Scientists involved in a New Jersey-based Rutgers University study believe a volcano is forming under New England. But don’t pack your bags yet; while they’ve identified an enormous mass of warm rock slowly rising under New England, they believe a major volcanic eruption isn’t likely for millions of years. The groundbreaking study, just published in the journal “Geology”, challenges textbook concepts of geology and an understanding of how the mountains in the northeast have formed.
In an abstract, study scientists wrote, “Highly localized variation in the strength of seismic anisotropy in a region of strongly elevated asthenospheric temperature suggests the presence of a narrow thermal upwelling in the upper mantle beneath New England. The lack of obvious surface expressions (volcanism or uplift) and the small lateral scale of the hypothesized upwelling suggest a geologically recent phenomenon.” In lay terms, the scientists discovered a warm, rising mass deep beneath New England, and like a rising hot air balloon, is moving to the surface.
The study, which tapped seismic data through the National Science Foundation’s EarthScope program, was published online this week in Geology. Study co-authors include Yiran Li and Peter Skryzalin, who did their research through Rutgers’ Aresty Research Assistant Program. Researchers at Yale University also contributed to the work.
The EarthScope programs collects a tremendous amount of information from thousands of different monitoring devices positioned all over the United States. As the largest-scale seismic measurement system in the country, EarthScope is providing scientists with a better understanding of the geology and seismology on the continent.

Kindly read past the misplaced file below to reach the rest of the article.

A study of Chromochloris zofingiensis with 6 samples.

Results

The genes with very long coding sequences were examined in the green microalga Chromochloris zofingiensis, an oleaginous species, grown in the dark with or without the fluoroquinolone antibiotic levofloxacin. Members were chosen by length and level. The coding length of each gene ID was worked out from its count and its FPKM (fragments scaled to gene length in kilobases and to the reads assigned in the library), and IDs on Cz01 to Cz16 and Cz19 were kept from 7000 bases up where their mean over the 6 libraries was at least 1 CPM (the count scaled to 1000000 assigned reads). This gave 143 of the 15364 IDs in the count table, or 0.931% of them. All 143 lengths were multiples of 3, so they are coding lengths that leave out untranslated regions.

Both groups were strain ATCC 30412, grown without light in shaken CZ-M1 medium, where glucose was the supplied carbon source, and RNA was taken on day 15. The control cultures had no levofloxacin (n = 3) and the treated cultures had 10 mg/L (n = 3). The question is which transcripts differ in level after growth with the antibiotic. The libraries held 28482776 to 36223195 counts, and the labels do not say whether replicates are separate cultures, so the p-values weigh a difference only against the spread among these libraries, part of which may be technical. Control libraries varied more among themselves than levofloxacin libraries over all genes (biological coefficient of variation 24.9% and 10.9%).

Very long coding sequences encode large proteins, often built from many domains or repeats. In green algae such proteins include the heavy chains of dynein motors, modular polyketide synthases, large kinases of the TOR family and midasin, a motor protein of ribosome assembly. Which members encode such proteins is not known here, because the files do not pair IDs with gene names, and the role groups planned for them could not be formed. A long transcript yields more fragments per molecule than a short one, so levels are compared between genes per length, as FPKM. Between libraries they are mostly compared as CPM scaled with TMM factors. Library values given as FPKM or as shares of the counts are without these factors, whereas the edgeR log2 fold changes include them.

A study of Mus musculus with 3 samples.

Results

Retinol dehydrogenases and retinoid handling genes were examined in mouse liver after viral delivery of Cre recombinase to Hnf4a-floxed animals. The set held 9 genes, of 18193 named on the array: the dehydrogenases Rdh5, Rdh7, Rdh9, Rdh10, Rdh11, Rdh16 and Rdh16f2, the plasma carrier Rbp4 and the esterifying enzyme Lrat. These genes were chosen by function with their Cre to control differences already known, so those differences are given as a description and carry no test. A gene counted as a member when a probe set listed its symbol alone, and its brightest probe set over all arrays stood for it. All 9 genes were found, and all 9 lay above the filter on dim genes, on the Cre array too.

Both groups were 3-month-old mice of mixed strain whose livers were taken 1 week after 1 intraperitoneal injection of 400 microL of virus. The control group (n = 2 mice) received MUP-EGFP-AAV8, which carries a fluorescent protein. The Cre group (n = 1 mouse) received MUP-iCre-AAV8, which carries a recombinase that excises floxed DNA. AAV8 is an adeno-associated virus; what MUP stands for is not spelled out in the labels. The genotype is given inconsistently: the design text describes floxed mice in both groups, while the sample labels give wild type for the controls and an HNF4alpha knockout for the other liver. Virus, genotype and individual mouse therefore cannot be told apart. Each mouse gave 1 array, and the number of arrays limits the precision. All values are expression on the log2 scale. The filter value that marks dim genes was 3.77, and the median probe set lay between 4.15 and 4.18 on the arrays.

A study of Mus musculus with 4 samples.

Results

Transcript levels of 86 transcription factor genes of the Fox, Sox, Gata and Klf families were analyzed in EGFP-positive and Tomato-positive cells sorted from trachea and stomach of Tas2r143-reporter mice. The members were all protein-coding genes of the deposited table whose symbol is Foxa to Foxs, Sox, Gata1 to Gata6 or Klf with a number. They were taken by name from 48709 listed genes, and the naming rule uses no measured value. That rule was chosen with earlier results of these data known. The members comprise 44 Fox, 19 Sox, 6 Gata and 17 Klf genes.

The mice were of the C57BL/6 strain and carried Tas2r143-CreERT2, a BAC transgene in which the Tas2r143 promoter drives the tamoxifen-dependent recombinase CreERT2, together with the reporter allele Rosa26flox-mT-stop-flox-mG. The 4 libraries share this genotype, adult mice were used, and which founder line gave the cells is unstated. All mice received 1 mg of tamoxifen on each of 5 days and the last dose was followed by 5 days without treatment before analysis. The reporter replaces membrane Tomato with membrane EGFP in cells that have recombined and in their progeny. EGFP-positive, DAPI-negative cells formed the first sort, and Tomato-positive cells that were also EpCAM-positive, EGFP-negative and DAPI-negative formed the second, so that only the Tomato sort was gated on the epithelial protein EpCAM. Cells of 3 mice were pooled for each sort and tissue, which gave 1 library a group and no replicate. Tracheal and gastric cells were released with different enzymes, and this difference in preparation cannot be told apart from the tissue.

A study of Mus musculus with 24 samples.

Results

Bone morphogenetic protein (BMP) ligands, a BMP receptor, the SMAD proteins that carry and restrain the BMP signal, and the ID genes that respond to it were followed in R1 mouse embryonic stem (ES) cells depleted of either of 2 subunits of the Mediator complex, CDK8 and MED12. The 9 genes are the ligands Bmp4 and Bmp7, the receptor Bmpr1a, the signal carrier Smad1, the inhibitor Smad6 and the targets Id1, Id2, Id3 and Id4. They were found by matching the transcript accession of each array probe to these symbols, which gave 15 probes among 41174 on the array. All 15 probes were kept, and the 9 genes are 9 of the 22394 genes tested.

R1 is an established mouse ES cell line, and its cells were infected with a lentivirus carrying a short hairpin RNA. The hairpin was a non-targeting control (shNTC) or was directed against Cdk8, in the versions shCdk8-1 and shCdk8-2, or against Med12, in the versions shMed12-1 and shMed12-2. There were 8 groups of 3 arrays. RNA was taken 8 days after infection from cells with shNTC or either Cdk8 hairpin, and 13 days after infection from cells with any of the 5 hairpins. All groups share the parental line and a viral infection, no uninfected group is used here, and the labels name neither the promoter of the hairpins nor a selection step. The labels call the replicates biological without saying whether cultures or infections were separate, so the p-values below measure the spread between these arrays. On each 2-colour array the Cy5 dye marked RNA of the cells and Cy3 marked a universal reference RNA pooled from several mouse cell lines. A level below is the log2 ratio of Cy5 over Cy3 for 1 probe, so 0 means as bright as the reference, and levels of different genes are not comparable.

EarthScope’s measurements show that the upwelling is occurring deep beneath parts of Massachusetts, Vermont, and New Hampshire. While the study shows the core “blob” of warm rock is under central New Hampshire and Vermont, it is not known where a volcano would actually surface. The timing of such a volcanic eruption is also hard to pin-down, although project scientists believe such an event is more than a million years away.
Volcanoes have returned to headlines recently around the world. The Agung volcano continues to erupt in Indonesia; the stratovolcano there may impact climate and weather for months and years to come. In Iceland, recent seismic activity at Oraefajokull have experts in North America and Europe concerned; an eruption there could put a damper on air travel between the continents and within Europe, above and beyond impacts to weather and climate too.
The full article about this New England volcano possibility appears in Geology here.